Key Words Glossary

When we talk about “super-foods” and protecting the heart and blood vessels there are some technical terms that need explaining.

Antioxidants = substances that protect your cells against the damage of free radicals.

Flavonoids = a type of antioxidant in plants.

Carotenoids = the red, orange and yellow pigments in plant foods.

Free Radicals = molecules that cause cell damage. Free radicals are sometimes created by our bodies as natural by-products. They can also come from smoke, air pollution, exposure to UV light, radiation, etc.

Omega-3 Fatty Acids = essential fatty acids that the body needs but must be obtained from the diet. Research has shown that omega-3 fatty acids may help to reduce inflammation and reduce the risk of cancer, heart disease, and arthritis. Symptoms of deficiency include: fatigue, depression, poor memory, dry skin, heart problems, poor circulation.

Phytosterols = a plant based compound that works to slow or stop the absorption of cholesterol made by the liver and cholesterol from food.

25 Heart Healthy Foods_Part1

1. Tomatoes

Why tomatoes? Tomatoes are loaded with carotenoids like lutein, lycopene and beta and alpha-carotene. Tomatoes are also an excellent source of vitamin C, folate, potassium, and fiber. Try adding a slice of tomato to a sandwich, have some salsa with tortilla chips, a bowl of tomato soup with a grilled cheese sandwich, or try my veggie primavera tomato sauce.

2. Red bell peppers

Why red peppers? Carotenoids, B vitamins, fiber, potassium, folate. Try sliced red peppers with hummus, diced red peppers on a salad or in a wrap, or Mexican Stuffed Peppers!

3. Carrots

Why carrots? Carotenoids and fiber. Try carrots dipped in light ranch dressing, add shredded carrots to your tomato sauce, toss some diced carrots into a stir-fry.

4. Papaya

Why papaya? Antioxidants (vitamins C and E), carotenoids, calcium, potassium, magnesium. Papaya tastes great in a smoothie or diced up with Greek yogurt and a sprinkle of granola.

5. Sweet Potato

Why sweet potatoes? That beautiful bright color can mean only one thing…carotenoids! Beta-carotene, vitamins A, C, E, and also fiber. Baked stuffed sweet potatoes are scrumptious! Baked sweet potato fries are also a much healthier alternative to traditional fries.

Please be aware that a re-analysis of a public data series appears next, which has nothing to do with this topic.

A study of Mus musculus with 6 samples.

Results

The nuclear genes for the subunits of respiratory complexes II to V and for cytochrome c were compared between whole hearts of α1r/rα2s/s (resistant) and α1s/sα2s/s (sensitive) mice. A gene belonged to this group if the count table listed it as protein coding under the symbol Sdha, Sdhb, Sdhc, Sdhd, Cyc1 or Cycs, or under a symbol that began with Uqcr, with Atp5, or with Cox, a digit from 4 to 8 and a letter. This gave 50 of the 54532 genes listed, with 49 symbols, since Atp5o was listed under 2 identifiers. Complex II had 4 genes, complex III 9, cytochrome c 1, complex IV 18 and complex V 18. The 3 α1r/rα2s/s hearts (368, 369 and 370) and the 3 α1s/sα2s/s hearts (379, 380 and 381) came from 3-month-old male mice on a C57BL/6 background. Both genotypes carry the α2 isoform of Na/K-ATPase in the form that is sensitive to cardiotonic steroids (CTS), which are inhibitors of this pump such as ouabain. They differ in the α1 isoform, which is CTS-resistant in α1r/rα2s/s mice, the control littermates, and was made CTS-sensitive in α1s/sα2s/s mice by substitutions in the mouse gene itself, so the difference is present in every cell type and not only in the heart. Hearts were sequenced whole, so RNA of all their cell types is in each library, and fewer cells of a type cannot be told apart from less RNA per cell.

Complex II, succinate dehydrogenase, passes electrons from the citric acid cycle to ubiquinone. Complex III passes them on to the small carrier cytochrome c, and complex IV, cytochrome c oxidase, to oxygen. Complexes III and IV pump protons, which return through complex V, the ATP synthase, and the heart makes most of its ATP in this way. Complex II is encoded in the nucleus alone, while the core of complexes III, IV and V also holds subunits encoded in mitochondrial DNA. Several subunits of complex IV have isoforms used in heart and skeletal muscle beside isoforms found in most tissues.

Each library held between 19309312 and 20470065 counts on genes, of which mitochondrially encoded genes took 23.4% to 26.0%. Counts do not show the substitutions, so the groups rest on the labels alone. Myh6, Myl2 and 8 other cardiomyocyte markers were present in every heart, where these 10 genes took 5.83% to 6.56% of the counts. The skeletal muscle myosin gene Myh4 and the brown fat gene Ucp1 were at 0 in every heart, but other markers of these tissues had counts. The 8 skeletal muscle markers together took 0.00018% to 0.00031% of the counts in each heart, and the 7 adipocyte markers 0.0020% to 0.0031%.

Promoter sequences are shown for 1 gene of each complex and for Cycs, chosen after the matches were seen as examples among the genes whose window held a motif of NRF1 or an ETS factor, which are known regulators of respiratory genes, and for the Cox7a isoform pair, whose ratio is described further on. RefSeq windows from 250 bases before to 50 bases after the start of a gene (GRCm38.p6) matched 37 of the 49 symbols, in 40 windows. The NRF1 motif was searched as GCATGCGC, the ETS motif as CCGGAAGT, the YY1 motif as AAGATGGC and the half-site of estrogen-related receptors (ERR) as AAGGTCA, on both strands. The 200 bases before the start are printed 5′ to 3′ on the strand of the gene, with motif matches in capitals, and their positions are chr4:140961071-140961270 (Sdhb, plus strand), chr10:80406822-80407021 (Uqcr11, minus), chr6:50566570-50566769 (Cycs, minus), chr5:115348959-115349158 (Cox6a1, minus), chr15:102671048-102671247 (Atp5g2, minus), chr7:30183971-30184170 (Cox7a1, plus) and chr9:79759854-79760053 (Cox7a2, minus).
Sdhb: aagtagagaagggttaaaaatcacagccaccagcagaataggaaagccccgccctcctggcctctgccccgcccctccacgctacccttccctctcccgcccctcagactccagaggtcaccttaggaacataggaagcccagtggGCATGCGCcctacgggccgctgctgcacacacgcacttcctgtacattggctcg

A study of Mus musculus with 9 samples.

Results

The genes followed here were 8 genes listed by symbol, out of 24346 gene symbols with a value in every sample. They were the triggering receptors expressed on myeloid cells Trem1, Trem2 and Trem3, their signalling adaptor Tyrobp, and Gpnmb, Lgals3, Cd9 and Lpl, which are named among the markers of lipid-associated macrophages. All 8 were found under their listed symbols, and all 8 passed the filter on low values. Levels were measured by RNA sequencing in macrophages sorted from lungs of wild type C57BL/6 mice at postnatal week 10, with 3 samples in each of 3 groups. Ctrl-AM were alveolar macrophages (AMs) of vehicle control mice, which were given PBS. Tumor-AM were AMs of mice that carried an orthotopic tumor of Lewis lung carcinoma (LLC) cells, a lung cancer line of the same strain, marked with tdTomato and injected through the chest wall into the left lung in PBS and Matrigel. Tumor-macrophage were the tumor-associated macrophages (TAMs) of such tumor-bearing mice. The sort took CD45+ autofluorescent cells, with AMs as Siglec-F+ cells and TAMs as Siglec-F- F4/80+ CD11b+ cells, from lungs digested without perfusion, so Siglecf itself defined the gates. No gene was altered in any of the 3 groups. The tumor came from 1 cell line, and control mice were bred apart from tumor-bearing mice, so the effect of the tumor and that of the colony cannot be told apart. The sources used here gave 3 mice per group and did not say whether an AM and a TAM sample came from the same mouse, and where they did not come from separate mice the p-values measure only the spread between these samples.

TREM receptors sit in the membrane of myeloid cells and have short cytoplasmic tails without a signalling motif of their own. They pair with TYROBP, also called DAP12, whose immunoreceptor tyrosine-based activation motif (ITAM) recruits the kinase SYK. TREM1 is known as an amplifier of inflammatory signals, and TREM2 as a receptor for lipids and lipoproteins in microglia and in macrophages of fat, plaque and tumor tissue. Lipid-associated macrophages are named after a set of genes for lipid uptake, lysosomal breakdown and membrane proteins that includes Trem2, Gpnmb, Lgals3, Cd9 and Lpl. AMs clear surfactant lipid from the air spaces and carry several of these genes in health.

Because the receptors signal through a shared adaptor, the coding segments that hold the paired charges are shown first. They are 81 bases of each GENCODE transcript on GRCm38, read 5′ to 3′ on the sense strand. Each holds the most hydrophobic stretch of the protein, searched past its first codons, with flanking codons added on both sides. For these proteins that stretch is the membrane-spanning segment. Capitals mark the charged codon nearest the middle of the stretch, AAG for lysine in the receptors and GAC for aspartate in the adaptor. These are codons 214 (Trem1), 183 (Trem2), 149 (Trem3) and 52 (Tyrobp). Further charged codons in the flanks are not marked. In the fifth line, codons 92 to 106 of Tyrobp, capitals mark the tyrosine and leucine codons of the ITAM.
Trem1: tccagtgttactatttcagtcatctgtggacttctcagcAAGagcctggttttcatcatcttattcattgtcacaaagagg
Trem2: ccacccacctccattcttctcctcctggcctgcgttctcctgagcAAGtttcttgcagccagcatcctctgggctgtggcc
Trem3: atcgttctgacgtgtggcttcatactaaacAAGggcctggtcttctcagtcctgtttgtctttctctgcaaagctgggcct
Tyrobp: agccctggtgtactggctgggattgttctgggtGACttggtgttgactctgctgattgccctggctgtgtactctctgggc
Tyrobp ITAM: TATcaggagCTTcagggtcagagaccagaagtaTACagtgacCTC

6. Salmon

Why salmon? Omega-3 fatty acids. Salmon tastes great grilled with some lemon and garlic powder, on a salad, or as kabobs with fresh veggies.

7. Cantaloupe

Why cantaloupe? B-vitamins, vitamin C, folate, potassium, fiber, carotenoids. Cantaloupe is great diced up and eaten plain, mixed into a smoothie, or served with cottage cheese or yogurt.

8. Acorn Squash

Why acorn squash? Calcium, magnesium, potassium, fiber, folate, carotenoids. Acorn squash tastes great on pizza or baked and stuffed with cranberries and wild rice.

9. Asparagus

Why asparagus? B-vitamins, fiber, folate, carotenoids. Asparagus is delicious grilled, steamed, or in a pasta salad.

10. Broccoli

Why broccoli? Antioxidants, carotenoids, potassium, folate, calcium, and fiber. Broccoli is tasty raw with hummus, in a soup, stir-fry, or in a veggie lasagna!

11. Oranges

Why oranges? Oranges are loaded with vitamin C, carotenoids, flavonoids, potassium, folate, and fiber. Oranges make simple, healthy snacks. They also taste great in salads!

12. Spinach

Why spinach? B-vitamins, carotenoids, antioxidants, fiber, calcium, potassium, and magnesium. Try spinach on a pizza or in a veggie soup like 15 veggie soup.

13. Blueberries

Why blueberries? flavonoids, carotenoids, polyphenols, folate, vitamin C, calcium, magnesium, potassium, fiber. Blueberries are great just plain, in muffins, salads, or parfaits.

14. Almonds

Why almonds? vitamin E, magnesium, fiber, heart-healthy mono and polyunsaturated fats, phytosterols. Mmm…almond butter and sliced apples!

15. Brown Rice

Why brown rice? B-vitamins, fiber, magnesium. Try brown rice in a burrito, in a stuffed pepper, or in a soup.

16. Flaxseed

Why flaxseed? Omega-3 fatty acids, fiber. Try some ground flaxseed on yogurt parfaits, in muffins, pancakes, or in oatmeal.

17. Oats

Why oats? Magnesium, potassium, folate, calcium, soluble fiber, omega-3 fatty acids. Add some almond butter to a bowl of warm oatmeal with raisins and honey.

18. Tofu

Why tofu? Potassium, magnesium, fiber, B-vitamins. There are so many ways to use tofu! Puddings, smoothies, dips, grilled, in salads, stir-frys! Try my spinach tofu dip.

19. Walnuts

Why walnuts? vitamin E, magnesium, folate, fiber, heart healthy fats, phytosterols. Add walnuts to a salad, yogurt, muffins, pancakes, pasta dish.

20. Soy milk

Why soy milk? Flavonoids, B-vitamins, folate, calcium, magnesium, potassium. Try some soy milk just plain, with a bowl of cereal, or in a smoothie.

21. Tuna

Why tuna? omega-3 fatty acids, folate and niacin.

22. Kidney beans

Why kidney beans? Soluble fiber, calcium, potassium, folate, magnesium. Kidney beans are super super high in fiber and taste great in soups or mixed with rice and veggies.

23. Dark chocolate

Why dark chocolate? Flavonoids. May help to lower blood pressure. Try adding a tablespoon of dark chocolate to your oatmeal!

24. Tea

Why tea? Flavonoids. Try a cup of hot or iced green tea.

25. Red wine

Why red wine? Flavonoids. A glass of red wine may help to improve your HDL (good) cholesterol.

Content adapted from an original article by WebMD. The 25 foods listed above were selected by a team of nutrition experts at The Cleveland Clinic and the American Dietetic Association as the most heart healthy foods. The original article was published on WebMD and can be found here. All photographs copyright keepyourdietreal.com.